One of my most exciting experiences as a County Extension Agent was the day a pine sawyer beetle emerged from a Scotch pine log in my office.
The pine sawyer beetle is unrelated to the mountain pine bark beetle that is causing problems in the western United States. Pine sawyer beetles are, however, partially responsible for much of the pine death in the Midwest.
Capturing the pine sawyer was exciting because the beetles are otherwise rarely seen. Pine sawyer beetles spend much of their life as larvae feeding deep in the wood of standing pine trees. They emerge only to mate, feed and lay eggs to continue the cycle.
Pine sawyer beetles also allow pinewood nematodes to hitchhike in their tracheas when they fly to new trees. Pinewood nematodes are the guys you really have to worry about. When pinewood nematodes get into the sapwood of the right kind of pine, they reproduce rapidly and can kill the tree in a few short months.
Although even I find it hard to imagine how worm-like organisms only one millimeter in length could kill a majestic old pine, it is true.
If you have a dead pine tree on your property, cut it down. Get rid of the beetle and nematode-infested wood by burning, burying or chipping it. Get rid of the wood by the beginning of March to lessen the spread of pine wilt. Dead pines are likely full of nematodes and pine sawyer beetles that will emerge this spring and carry the disease on to more trees.
Mulch made from infected pines is considered safe to use because pine sawyer beetles do not feed on the mulch and are typically destroyed in the mulching process.
A few years ago, a few products containing the active ingredient abamectin were labeled for preventative treatment of pine wilt. The products must be injected into the tree by a licensed applicator on an annual basis, are pricey, and offer no guarantees.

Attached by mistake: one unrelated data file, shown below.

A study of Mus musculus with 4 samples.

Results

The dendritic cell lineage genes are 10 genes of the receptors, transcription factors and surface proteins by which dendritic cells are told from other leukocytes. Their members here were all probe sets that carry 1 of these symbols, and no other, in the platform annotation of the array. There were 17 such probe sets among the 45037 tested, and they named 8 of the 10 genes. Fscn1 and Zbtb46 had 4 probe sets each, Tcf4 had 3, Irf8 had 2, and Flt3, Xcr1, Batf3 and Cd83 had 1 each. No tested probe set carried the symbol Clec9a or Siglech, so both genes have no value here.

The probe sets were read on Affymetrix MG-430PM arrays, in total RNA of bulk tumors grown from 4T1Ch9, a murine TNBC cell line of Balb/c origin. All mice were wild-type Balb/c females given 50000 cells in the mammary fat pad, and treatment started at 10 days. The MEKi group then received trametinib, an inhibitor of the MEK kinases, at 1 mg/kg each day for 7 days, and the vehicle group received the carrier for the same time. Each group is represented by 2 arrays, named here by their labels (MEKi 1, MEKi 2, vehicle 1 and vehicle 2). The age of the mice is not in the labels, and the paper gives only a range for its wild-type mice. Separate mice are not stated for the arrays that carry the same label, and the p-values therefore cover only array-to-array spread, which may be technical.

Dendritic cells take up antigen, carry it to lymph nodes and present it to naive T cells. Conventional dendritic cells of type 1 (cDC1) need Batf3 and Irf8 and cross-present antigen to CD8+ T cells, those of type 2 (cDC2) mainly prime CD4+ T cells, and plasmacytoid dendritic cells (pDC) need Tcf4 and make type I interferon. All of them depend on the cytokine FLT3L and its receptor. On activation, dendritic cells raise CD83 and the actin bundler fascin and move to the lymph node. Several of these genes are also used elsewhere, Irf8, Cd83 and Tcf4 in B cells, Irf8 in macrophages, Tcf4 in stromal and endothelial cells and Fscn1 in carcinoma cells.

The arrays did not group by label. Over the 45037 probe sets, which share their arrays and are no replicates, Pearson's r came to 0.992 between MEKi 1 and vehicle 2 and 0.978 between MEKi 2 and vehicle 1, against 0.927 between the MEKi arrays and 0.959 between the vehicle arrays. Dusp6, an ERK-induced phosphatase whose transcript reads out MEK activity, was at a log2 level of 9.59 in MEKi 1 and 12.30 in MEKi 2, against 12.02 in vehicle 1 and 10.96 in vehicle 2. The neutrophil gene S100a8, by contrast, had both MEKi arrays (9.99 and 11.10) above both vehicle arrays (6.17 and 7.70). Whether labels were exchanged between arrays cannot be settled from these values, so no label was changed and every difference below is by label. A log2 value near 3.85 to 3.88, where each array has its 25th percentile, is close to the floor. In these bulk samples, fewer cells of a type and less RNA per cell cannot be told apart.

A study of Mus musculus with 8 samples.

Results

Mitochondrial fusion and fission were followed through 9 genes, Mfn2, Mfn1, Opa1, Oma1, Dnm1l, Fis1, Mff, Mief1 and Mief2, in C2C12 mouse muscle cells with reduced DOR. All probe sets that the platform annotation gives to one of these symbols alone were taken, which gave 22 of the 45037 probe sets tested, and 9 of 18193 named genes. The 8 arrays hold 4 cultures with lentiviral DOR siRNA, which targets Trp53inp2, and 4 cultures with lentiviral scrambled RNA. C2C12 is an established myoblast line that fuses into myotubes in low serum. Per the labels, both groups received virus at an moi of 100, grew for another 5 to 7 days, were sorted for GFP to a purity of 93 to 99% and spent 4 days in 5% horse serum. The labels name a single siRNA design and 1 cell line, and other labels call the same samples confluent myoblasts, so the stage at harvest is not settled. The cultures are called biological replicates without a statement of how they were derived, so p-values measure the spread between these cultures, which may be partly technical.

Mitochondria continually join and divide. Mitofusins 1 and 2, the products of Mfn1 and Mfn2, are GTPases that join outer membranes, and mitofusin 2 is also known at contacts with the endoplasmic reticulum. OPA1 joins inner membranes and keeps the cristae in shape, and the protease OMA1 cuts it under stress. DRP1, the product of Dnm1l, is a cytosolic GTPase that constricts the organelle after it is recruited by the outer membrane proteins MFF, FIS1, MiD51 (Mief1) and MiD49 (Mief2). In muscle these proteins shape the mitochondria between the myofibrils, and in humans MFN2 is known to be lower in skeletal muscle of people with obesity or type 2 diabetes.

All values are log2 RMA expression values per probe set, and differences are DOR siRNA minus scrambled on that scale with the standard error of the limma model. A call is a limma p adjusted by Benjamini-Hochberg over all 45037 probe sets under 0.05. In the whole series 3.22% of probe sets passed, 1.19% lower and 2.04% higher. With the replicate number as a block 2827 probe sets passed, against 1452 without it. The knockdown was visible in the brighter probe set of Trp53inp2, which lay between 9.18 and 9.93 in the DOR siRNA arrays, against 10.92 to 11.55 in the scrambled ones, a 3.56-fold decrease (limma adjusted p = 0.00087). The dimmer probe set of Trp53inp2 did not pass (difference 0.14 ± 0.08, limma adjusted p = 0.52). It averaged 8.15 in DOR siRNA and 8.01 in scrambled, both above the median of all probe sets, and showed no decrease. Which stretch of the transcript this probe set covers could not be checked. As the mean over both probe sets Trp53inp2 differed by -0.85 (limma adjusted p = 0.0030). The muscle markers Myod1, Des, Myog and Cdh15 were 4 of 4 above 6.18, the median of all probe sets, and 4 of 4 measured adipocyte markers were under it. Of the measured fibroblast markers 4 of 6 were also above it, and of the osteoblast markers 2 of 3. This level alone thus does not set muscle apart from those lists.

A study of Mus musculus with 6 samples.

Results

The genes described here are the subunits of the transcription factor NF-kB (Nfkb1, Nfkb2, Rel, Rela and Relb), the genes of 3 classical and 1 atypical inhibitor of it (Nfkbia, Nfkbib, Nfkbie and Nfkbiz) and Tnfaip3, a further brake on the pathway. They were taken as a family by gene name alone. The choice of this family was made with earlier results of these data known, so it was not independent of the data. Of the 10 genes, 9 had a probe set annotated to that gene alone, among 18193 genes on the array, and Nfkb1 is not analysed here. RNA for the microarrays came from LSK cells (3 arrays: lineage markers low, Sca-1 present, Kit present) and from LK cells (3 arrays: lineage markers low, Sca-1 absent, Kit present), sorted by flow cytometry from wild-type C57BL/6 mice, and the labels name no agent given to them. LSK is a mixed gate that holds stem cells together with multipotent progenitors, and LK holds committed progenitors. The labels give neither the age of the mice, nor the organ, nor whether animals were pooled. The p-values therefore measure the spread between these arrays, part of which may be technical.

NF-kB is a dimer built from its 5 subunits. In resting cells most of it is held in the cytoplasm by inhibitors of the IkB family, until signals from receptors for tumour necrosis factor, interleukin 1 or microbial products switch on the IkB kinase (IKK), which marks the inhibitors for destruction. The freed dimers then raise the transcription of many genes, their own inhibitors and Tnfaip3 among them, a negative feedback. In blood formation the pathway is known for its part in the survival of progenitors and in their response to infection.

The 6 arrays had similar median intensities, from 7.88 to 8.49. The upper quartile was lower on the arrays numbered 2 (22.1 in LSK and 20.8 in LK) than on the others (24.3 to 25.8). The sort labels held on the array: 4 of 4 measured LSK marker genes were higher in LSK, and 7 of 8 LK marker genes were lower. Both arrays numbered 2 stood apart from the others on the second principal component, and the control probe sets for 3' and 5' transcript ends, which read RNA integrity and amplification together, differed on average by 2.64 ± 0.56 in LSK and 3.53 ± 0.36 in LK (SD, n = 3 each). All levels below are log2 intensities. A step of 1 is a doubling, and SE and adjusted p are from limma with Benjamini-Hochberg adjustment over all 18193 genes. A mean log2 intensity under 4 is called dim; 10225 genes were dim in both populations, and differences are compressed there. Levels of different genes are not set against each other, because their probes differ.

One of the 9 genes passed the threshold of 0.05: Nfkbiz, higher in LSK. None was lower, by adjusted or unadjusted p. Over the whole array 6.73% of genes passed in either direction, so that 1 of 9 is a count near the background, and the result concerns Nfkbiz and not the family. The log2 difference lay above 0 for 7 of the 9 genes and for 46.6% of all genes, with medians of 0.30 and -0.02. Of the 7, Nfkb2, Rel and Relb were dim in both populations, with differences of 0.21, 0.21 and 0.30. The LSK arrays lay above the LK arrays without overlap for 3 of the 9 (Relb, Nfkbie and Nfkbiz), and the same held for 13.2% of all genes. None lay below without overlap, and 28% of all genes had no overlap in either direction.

More recently, a product known as Organic Disease Control or ODC has been advertised for control of pine problems. Most importantly, this product is promoted for control of the mountain pine bark beetle rather than the pine sawyer beetle that is a problem in this area. Also, according to Kansas State University entomologist Raymond Cloyd, there is no quantitative scientific information supporting the claims of the ODC product.
Although Scotch pine are the most likely to die from pine wilt, the disease also kills Austrian pines and the nematodes have been identified in other pine species. Austrian pine also has problems with fungi that attack its needles and shoots.
Many resources on pine wilt suggest that native pine species are usually resistant. Since Kansas is the only one of the 48 contiguous states without a native pine, our options are limited. White pine and limber pine (commonly sold as “Vanderwolf”) show resistance but still may suffer some stress from Kansas weather and soil.
My suggestion if you really want an evergreen is to use eastern redcedar or upright juniper varieties. Baldcypress is a disease-free tree with a pine-ish look that drops its needles in the winter. Some large shrubs, including several species of viburnums are also suitable for windbreaks and screens. A few varieties of viburnums hold their leaves over the winter as well.
In case you are wondering, I burned my nematode-infested pine log. I really only wanted it because it also had a canker. The pine sawyer beetle is safely preserved for show-and-tell.